The Last Leaf

by O. Henry



Background information on character and setting:

In "The Last Leaf" by O. Henry, the exposition establishes the setting as winter in Greenwich Village, a small district west of Washington Square in New York. There are two main characters in this story: Johnsy (Joanna), who is from California, and Sue, who is from Maine. The two young women are aspiring artists who live in an upstairs apartment. They have met each other in the Village at one of the "Delmonico's" and have decided that they have enough in common to rent an artist's studio together.

The problem:

But in November "Mr. Pneumonia" strikes Johnsy, who is not acclimated to cold weather. Because she gives up hope, the doctor does not give Johnsy much of a chance of survival. So, he encourages her friend Sue to find something that will give Johnsy a desire to live. Sue calls upon Mr. Behrman, who lives downstairs, to model for her. When she talks with him, she tells him about Johnsy's despair and her wish to die when the last leaf falls from the vine on a building outside her window.


In "The Last Leaf", we learn that the story takes place in New York City, particularly Greenwich Village.  Sue and Johnsy are the main characters, roommates who have come to the city from other locales with an interest in art, suggesting they are both of a creative turn of mind.  Other characters include the doctor and Mr. Behrman, an old man and painter who lives on the ground floor of the building.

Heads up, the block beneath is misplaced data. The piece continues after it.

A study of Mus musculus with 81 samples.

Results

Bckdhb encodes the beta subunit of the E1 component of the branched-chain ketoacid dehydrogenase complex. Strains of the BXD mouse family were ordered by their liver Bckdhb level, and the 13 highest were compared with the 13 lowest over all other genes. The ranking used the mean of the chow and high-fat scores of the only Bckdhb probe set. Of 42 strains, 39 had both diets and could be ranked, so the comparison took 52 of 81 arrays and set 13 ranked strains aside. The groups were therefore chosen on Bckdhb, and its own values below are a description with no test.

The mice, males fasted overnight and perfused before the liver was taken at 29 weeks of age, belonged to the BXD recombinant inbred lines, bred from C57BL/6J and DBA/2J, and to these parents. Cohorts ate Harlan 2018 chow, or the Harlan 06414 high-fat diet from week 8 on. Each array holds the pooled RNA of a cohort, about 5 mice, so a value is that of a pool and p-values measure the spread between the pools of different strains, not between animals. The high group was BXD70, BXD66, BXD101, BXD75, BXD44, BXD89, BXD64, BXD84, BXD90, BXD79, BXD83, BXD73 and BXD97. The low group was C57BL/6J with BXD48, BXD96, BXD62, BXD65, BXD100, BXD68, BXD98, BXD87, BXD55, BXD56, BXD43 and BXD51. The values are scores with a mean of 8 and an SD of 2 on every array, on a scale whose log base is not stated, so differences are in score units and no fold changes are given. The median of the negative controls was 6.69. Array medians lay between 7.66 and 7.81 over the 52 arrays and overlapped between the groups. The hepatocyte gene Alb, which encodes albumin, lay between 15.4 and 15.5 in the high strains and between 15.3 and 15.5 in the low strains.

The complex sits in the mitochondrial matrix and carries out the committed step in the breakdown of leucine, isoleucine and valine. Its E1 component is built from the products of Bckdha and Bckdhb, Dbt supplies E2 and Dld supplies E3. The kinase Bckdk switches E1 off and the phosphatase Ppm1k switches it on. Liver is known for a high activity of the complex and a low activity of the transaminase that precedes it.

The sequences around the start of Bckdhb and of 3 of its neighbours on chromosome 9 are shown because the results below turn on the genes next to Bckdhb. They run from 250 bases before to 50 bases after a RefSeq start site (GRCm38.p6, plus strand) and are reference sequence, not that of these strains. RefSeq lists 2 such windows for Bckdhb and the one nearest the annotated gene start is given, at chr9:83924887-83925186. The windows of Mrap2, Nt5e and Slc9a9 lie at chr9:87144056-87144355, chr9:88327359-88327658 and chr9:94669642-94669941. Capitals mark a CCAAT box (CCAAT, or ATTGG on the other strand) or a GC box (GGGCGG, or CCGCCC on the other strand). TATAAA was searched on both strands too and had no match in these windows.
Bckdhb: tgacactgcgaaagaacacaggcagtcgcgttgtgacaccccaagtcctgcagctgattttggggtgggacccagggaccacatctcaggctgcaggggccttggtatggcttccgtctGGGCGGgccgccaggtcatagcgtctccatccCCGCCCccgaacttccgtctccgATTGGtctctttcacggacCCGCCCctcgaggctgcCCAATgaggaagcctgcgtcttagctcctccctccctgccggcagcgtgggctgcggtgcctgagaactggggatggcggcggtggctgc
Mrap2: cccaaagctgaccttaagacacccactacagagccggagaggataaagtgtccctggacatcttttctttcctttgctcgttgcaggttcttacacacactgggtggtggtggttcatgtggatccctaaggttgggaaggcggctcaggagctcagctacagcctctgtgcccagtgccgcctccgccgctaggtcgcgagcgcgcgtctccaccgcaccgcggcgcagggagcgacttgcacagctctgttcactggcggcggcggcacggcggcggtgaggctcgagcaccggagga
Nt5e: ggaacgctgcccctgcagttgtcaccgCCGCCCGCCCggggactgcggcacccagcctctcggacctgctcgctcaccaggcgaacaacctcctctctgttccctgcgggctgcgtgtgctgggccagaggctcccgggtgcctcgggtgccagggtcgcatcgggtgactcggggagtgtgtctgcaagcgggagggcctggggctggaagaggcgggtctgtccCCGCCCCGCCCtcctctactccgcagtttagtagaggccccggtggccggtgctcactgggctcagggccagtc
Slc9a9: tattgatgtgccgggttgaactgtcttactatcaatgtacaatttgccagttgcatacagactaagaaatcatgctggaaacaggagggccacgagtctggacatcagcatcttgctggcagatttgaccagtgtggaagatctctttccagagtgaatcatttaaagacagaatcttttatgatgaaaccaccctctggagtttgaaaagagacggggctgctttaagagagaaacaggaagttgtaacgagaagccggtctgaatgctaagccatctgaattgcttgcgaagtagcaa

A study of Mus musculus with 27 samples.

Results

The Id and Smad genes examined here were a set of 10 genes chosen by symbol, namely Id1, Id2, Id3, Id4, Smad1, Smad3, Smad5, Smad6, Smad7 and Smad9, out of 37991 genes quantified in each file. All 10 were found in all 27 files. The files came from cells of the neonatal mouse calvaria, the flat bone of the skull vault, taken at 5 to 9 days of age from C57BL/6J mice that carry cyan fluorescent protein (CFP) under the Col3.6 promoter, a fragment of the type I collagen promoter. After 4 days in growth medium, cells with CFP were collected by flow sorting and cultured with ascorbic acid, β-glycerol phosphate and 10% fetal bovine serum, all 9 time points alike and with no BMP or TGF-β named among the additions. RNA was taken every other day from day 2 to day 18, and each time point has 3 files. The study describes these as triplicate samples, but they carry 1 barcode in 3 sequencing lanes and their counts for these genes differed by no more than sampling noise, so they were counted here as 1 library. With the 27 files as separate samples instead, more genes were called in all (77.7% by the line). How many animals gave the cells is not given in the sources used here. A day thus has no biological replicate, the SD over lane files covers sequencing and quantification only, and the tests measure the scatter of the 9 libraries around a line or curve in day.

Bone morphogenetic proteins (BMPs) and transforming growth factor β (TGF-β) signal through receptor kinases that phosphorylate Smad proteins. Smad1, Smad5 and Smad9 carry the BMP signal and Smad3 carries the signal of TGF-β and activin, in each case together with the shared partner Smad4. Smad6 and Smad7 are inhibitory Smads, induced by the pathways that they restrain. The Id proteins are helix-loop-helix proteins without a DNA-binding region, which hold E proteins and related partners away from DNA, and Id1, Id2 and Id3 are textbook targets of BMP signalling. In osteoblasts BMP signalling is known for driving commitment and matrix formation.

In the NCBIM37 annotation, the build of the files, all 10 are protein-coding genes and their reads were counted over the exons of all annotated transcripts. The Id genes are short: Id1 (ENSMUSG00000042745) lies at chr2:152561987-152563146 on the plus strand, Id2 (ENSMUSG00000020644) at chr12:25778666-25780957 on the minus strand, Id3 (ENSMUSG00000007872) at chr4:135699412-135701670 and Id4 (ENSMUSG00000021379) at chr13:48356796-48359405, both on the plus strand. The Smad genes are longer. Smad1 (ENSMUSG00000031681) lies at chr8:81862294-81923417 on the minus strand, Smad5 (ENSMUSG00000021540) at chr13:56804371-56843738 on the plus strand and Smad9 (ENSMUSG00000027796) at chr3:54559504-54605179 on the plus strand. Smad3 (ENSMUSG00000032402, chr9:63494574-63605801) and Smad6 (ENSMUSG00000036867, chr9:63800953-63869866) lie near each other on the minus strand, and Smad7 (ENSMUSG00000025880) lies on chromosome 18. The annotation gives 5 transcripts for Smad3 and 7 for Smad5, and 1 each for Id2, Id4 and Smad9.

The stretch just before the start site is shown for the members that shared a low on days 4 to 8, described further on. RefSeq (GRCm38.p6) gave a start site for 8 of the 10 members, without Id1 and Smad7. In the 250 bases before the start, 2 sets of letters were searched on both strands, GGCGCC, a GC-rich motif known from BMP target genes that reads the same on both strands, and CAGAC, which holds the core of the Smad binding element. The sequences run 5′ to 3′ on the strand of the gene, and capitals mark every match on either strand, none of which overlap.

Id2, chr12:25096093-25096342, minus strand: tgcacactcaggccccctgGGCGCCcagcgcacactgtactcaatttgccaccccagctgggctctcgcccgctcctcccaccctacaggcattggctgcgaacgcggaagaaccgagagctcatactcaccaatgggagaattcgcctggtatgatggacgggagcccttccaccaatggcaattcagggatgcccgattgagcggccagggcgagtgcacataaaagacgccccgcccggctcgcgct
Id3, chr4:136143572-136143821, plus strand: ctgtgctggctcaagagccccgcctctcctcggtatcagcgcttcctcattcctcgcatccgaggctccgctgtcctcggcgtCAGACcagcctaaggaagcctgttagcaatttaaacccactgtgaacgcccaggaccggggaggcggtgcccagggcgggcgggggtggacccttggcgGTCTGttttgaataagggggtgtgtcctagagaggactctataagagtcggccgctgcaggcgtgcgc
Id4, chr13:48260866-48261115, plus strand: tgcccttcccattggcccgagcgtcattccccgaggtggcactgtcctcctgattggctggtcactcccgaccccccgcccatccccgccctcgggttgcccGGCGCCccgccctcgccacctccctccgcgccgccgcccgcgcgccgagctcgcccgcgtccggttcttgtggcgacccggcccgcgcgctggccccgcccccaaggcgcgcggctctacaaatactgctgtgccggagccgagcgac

The story begins in November, and O. Henry personifies Pneumonia as if the condition is an unwelcome visitor to town.  This is the conflict - Johnsy has pneumonia, and has little chance of surviving.  The conflict is an internal one.  Johnsy is convinced she will die when the last leaf of the season falls off the ivy tree.  It isn't the disease that is dooming her - it is her own perception.

The rest of the story shows how true the effect of perception can be, as we see Johnsy get better from the influence of a trick being played upon her.  The end of the story is an exercise in irony, as the one to play the trick - Mr. Behrman - succumbs to the illness that was trying to take Johnsy.